Differences between adjustable and fixed loans

With a fixed-rate loan, your monthly payment never changes for the life of the loan. The amount of the payment allocated to principal (the actual loan amount) will increase, however, the amount you pay in interest will decrease accordingly. The property tax and homeowners insurance will increase over time, but generally, payments on fixed rate loans vary little.

Your first few years of payments on a fixed-rate loan go primarily to pay interest. That reverses as the loan ages.

You can choose a fixed-rate loan to lock in a low interest rate. Borrowers select fixed-rate loans because interest rates are low and they wish to lock in at the lower rate. If you have an Adjustable Rate Mortgage (ARM) now, refinancing into a fixed-rate loan can offer more stability in monthly payments. If you have an Adjustable Rate Mortgage (ARM) now, we'll be glad to assist you in locking a fixed-rate at the best rate currently available. Call Colorado Mortgage Company at 719-357-6601 to learn more.

Adjustable Rate Mortgages — ARMs, come in many varieties. Generally, the interest on ARMs are based on a federal index. Some examples of outside indexes are: the 6-month CD rate, the one-year Treasury Security rate, the Federal Home Loan Bank's 11th District Cost of Funds Index (COFI), or others.

Most programs feature a cap that protects you from sudden increases in monthly payments. There may be a cap on interest rate variances over the course of a year. For example: no more than a couple percent a year, even if the index the rate is based on increases by more than two percent. Sometimes an ARM has a "payment cap" that ensures that your payment won't increase beyond a certain amount over the course of a given year. In addition, almost all adjustable programs feature a "lifetime cap" — your rate won't exceed the cap percentage.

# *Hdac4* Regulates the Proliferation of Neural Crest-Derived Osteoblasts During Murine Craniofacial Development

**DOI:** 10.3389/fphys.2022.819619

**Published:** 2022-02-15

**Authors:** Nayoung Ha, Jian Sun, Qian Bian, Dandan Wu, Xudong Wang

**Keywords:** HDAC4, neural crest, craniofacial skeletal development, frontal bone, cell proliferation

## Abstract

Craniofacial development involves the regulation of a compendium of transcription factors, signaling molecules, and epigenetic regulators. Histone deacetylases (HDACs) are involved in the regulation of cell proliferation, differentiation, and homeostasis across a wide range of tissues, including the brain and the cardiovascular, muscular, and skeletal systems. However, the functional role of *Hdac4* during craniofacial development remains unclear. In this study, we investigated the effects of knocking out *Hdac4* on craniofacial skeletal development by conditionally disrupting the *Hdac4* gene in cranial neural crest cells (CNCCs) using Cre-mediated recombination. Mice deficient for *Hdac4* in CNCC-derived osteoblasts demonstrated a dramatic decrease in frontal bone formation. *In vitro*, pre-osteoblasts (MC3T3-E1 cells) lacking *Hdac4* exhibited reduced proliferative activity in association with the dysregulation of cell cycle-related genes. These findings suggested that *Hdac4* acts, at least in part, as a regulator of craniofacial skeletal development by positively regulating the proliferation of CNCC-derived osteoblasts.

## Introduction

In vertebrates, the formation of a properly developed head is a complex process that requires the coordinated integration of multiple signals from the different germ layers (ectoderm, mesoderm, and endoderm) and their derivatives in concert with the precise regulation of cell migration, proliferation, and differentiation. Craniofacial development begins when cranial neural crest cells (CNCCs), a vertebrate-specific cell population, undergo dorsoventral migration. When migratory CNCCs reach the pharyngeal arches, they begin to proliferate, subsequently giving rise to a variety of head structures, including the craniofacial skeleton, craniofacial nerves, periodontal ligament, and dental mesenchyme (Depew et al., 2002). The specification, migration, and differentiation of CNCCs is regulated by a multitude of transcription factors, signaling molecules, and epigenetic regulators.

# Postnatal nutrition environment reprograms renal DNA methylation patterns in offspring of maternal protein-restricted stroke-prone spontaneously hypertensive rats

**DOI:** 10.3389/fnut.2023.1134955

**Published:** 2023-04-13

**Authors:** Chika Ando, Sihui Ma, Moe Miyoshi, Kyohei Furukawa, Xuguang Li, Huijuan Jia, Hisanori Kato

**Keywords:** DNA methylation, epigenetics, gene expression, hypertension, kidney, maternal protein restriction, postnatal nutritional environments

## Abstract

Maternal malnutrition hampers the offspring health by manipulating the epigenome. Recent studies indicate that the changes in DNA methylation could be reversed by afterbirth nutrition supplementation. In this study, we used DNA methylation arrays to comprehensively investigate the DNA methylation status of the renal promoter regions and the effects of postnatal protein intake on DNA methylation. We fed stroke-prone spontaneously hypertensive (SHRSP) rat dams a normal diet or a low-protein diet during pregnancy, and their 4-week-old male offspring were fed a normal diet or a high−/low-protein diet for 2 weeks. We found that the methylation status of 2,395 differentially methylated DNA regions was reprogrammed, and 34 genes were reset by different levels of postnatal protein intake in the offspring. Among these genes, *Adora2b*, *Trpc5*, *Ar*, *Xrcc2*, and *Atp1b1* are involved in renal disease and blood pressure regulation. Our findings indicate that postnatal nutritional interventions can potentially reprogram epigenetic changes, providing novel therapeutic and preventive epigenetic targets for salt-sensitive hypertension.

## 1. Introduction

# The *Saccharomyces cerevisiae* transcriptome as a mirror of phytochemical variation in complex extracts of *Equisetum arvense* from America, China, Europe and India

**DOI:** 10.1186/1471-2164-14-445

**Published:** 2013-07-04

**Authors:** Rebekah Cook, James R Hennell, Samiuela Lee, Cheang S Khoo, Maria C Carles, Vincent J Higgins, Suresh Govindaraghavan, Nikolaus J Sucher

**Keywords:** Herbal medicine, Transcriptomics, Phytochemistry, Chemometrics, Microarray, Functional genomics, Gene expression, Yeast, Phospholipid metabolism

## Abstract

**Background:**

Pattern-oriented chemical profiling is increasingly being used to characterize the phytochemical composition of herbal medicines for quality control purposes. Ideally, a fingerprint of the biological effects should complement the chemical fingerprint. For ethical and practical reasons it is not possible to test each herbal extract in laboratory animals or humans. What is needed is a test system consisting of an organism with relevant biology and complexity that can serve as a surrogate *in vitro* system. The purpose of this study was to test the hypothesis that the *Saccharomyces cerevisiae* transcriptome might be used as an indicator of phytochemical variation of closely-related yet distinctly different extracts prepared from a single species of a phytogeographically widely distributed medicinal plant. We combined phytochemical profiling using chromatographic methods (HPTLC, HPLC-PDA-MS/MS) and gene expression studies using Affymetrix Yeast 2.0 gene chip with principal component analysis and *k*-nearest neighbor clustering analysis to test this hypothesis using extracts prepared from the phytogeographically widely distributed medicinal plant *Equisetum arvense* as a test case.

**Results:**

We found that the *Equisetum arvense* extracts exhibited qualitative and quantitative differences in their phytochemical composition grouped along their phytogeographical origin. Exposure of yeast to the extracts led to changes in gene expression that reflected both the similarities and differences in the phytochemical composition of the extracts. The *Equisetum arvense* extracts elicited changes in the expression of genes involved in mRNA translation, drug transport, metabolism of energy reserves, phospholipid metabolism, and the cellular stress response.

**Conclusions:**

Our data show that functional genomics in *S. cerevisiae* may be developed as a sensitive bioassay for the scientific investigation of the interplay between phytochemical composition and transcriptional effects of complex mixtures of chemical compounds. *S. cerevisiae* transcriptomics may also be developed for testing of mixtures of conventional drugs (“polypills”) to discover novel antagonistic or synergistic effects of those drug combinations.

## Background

ARMs most often feature their lowest rates toward the beginning of the loan. They usually guarantee that rate from a month to ten years. You may hear people talking about "3/1 ARMs" or "5/1 ARMs". In these loans, the initial rate is set for three or five years. It then adjusts every year. These loans are fixed for a number of years (3 or 5), then adjust after the initial period. These loans are often best for borrowers who anticipate moving in three or five years. These types of adjustable rate programs benefit borrowers who will move before the initial lock expires.

Most borrowers who choose ARMs choose them when they want to get lower introductory rates and do not plan on staying in the house for any longer than this introductory low-rate period. ARMs are risky if property values decrease and borrowers are unable to sell or refinance.

Have questions about mortgage loans? Call us at 719-357-6601. We answer questions about different types of loans every day.